In the Central Volcanic Mountain Range of Costa Rica, the Arenal Volcano is one of the country’s most famous volcanoes. Arenal is an active stratovolcano in northwestern Costa Rica, around 90 km northwest of San José, in the province of Alajuela, and 7 kilometers (4.3 miles) from the town of La Fortuna. Its 1,633 meter (5,358-foot) volcanic cone strikes an imposing figure on the landscape. Geologically, Arenal is considered to be the youngest volcano in Costa Rica; its age is estimated to be less than 7,500 years.
For centuries, the Arenal Volcano was a nearly perfect cone-shaped, rainforest blanketed volcanic mountain considered by many to be extinct. However, at roughly 7:30 a.m. on Monday, July 29, 1968, the dormant Arenal Volcano suddenly and violently erupted with a tremendous explosion. Extreme eruptions continued unabated for several days, burying over 15 square kilometers with rocks, lava, and ash. When it was finally over, the eruptions had killed 87 people and destroyed three small villages – Tabacón, Pueblo Nuevo, and San Luís – affecting more than 232 square kilometers of land. It was a difficult time for the people of Arenal. Crops, property, and forests were damaged, and livestock died.
At the height of the eruption, Arenal Volcano was spewing out massive amounts of lava and ash and tossing giant rocks for distances of up to a kilometer at speeds of some 600 meters per second. The eruption formed three new craters: crater A at 1,060 m (3,478 ft); crater B at 1,170 m (3,839 ft); and crater C at 1,460 m (4,790 ft); crater D lies at the volcano’s summit.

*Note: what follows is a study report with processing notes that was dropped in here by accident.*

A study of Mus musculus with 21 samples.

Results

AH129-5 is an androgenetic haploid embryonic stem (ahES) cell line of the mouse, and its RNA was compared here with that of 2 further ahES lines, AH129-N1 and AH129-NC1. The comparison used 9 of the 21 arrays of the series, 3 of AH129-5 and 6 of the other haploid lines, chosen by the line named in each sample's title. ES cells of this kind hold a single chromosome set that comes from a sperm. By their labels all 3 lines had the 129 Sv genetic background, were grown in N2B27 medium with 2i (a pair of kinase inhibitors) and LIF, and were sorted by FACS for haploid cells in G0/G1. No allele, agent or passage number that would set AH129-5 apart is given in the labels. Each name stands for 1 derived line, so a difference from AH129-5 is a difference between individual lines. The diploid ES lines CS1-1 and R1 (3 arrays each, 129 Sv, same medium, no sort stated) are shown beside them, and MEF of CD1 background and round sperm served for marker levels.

For 42 years, Arenal Volcano was Costa Rica’s most active volcano with flowing lava and pyroclastic surges that blasted huge rocks and cauliflower-shaped ash clouds into the air. Explosions were often accompanied by loud rumblings, which would wake tourists up at night. The last big explosions occurred on August 25, 2001, March 2007, September 18, 2008, March 2, 2009, and May 24, 2010. None, however, compared to that of 1968.
For visitors to La Fortuna, Costa Rica, Arenal Volcano put on quite a show. The volcano became one of Costa Rica’s most visited natural attractions, and tourism is now the main source of income for local residents.
Since 2010, Arenal Volcano has been in a resting phase with very little activity, a process that is natural for active volcanoes. In 2012, Arenal Volcano revived a little, spewing columns of water vapor and gases into the air from the summit. These emissions can still occasionally be seen.
The Arenal Volcano is closely and constantly monitored for the safety of local residents and visitors. Towns, hotels and public trails are located at safe distances from the volcano. Protected from danger on a ridge across the deep canyon of the Agua Caliente River, Arenal Observatory Lodge is 2.7 kilometers (1.7 miles) from the south side of Arenal Volcano, although the massive cone seems so close that you could reach out and touch it. Unlike other La Fortuna hotels, Arenal Observatory Lodge is the only Arenal lodge situated within Arenal Volcano National Park.
Arenal Volcano Current Conditions:
- Currently, the Arenal volcano is in a passive phase with very little activity as a part of its natural evolution.